Ember JS: MVC in the browser. Part 3 – Nested Resources

In part 2 we created templates so that we could view any of our blog posts along with the models and controller actions to support this. We also used ember-data to create a store which uses a FixtureAdapter along with some hardcoded Post fixtures to load our models. A Post with a title is not much use on its own, we also want people to be able to add comments. We will have to extend the post route to add a nested resource. We will also need a new model to represent the nested resource. The code for this part is available here. Open app.js in an editor and change the post route to match the following:

this.resource('post', { path: '/posts/:post_id' }, function() {

This means we will now have a /posts/:post_id/comments route.

Open the index.html page in a browser and examine the routes in the console. Remember our old friend Router.router.recognizer.names? (btw. I noticed in Firefox you may need to use App.Router.router.recognizer.names). You will see that comments route has been added. Lets add a comments model and fixtures. Add the following to app.js

App.Comment = DS.Model.extend({
  post: DS.belongsTo('App.Post'),
  text: DS.attr('string')

and add the following within the App.Post model making sure that you have a comma between any lines

comments: DS.hasMany('App.Comment')

Each Post can now have many Comment(s). Add some comment fixtures to app.js:

App.Comment.FIXTURES = [{id:"1", text: "First Comment"}, {id:"2", text: "Second Comment"}, {id:"3", text: "Third Comment"}, {id:"4", text: "Fourth Comment"}, {id:"5", text: "Fifth Comment"}, {id:"6", text: "Sixth Comment"}, {id:"7", text: "Seventh Comment"}, {id:"8", text: "Eighth Comment"}, {id:"9", text: "Ninth Comment"}];

We also need to change the Post fixtures to tell them that they have some comments:

App.Post.FIXTURES=[{ id: "1", title: "First Post", comments: [1, 2, 3] }, { id: "2", title: "Second Post", comments: [4, 5, 6] }, { id: "3", title: "Third Post", comments: [7, 8, 9] }];

Note that we have added a ‘comments’ attribute in each Post fixture with an array of the Comments they have. [1, 2, 3] means that this Post has the Comments with ids 1, 2 & 3. Go to /posts/1/comments/1 to check that they render correctly.

Change the post/index template to the following so that we can see the comments:

<script type="text/x-handlebars" data-template-name="post/index">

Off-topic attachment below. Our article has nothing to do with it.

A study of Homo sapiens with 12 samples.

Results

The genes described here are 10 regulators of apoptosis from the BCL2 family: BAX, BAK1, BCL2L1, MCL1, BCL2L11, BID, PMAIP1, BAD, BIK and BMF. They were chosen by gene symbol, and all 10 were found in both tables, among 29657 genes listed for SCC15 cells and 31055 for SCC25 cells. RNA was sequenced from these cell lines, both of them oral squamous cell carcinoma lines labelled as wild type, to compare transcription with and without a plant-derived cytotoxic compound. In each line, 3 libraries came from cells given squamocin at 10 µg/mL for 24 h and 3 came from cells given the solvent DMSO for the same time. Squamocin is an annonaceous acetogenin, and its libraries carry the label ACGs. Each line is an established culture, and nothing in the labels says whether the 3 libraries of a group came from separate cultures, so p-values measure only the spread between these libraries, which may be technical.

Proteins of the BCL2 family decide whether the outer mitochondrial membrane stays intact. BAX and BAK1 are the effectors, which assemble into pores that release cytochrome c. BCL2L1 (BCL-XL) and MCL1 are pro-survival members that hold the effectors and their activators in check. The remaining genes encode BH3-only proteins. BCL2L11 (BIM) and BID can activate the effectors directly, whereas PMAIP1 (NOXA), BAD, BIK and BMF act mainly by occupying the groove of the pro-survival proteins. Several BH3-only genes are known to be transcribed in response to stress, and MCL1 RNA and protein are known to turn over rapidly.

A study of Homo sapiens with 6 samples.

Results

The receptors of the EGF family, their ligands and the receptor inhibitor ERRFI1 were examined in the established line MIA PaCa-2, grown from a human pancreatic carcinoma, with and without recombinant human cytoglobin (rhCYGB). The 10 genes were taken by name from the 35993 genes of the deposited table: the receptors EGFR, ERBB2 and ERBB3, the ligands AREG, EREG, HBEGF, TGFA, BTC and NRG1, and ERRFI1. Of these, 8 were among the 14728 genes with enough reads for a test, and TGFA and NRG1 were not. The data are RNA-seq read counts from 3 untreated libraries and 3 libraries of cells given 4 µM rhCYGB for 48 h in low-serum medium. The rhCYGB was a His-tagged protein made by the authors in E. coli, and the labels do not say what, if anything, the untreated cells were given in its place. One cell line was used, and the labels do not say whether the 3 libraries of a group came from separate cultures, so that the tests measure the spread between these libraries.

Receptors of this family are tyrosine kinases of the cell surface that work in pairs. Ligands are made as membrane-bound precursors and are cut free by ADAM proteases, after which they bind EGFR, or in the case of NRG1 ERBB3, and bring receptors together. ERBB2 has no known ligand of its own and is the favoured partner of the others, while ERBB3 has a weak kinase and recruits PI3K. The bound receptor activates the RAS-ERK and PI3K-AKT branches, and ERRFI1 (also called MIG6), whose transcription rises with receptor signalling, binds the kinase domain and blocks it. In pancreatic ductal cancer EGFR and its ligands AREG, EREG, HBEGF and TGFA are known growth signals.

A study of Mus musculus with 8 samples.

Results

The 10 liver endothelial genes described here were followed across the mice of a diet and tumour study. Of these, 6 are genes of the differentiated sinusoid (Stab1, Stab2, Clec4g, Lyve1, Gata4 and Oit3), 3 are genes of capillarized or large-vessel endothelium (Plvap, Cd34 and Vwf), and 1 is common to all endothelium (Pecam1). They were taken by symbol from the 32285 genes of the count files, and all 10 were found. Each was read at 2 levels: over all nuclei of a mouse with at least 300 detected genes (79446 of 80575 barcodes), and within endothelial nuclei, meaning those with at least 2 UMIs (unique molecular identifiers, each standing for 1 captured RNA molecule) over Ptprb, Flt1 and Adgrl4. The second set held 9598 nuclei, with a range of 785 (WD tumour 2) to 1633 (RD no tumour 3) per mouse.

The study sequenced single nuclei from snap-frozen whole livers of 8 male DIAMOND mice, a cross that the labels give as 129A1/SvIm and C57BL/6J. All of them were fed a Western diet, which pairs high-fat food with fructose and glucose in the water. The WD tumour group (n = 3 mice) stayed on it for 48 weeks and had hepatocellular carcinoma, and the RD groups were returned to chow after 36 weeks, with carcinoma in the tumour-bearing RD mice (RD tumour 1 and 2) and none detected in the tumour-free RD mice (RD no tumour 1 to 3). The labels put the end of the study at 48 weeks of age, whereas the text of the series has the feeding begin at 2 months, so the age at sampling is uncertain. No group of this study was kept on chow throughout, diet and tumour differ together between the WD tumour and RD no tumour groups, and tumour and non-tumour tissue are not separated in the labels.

{{#each comment in comments}}

Go to /posts/1 and you should see the text for each Comment appearing under the Post title.

We can now add a link to each comment but before this we need to tell the router how to route to them. We want the route to look like /posts/:post_id/comments/:comment_id
To achieve this we need to add the following to the posts resource router definition

this.route('comment', { path: 'comments/:comment_id'});

We will also need a post.comment template in index.html

<script type="text/x-handlebars" data-template-name="post/comment">

What if we wanted to add a new comment to a post? We will add a posts/:post_id/comments/new route and templates. Change the comments resource under the post resource in the router to

this.resource('comments', function() {

Then add a comments outlet template and a ‘new’ one

<script type="text/x-handlebars" data-template-name="comments">

<script type="text/x-handlebars" data-template-name="comments/new">
  Comments New


If you refresh and look at the available routes we now have comments.new. Go to /posts/1 and click on the New Comment link and you should see the “Comments New” text. Not much use though, we need a text box for the comment and a button to submit. Add the following to the comments/new handlebars template

<form {{action save on='submit'}}>
  {{view Ember.TextArea valueBinding="text" placeholder="Enter comment here"}}
  <button type="submit">Create Comment</button>

Here we tell the template that when the forms “Create Comment” button is clicked, ie on submit, it should call the “save” action in the CommentsNewController. We need to create that controller. In the TextArea we have bound the “text” value to the controller. Add the following to app.js

  needs: 'post',
  text: null,
  save: function() {
    var post = this.get('controllers.post.content');
    App.Comment.createRecord({ post: post, text: this.get('text') });

Firstly we tell this controller that it needs to know about the PostController so that it can tell what post the comment is for. We do this through needs: 'post'. The text: null bit is the value we have bound to the TextArea in the template. The save function is what happens when we click the button. Firstly it finds the post through controllers.post.content (facilitated via the ‘needs’ syntax), the we create a new Comment with the text value. Finally we transition back to the post. this.get('target') gives us an instance of the router. Try adding a new comment and see what happens. Note that since we are using the FixturesAdapter the ids may look a little bit odd.

One final thing we should do is reset the comments TextArea box in the comments/new template when we transition to the route. If we don’t then it will contain the last thing we entered in to it. Add this to app.js

  setupController: function(controller, model) {
    controller.set('text', null);

setupController is a hook that all routes have and allows you to set the model or modify the controller.

To recap, we created a comments nested resource for post and added the route ‘new’ to it. We added a Comment model and fixtures and linked them to the Post model via hasMany and belongsTo. We added the comments to the post.index template and added a route with a path for each post.comment so we could link to them. We created the comments.new template with a form that we could submit and the CommentsNewController with a save action to create the new comment.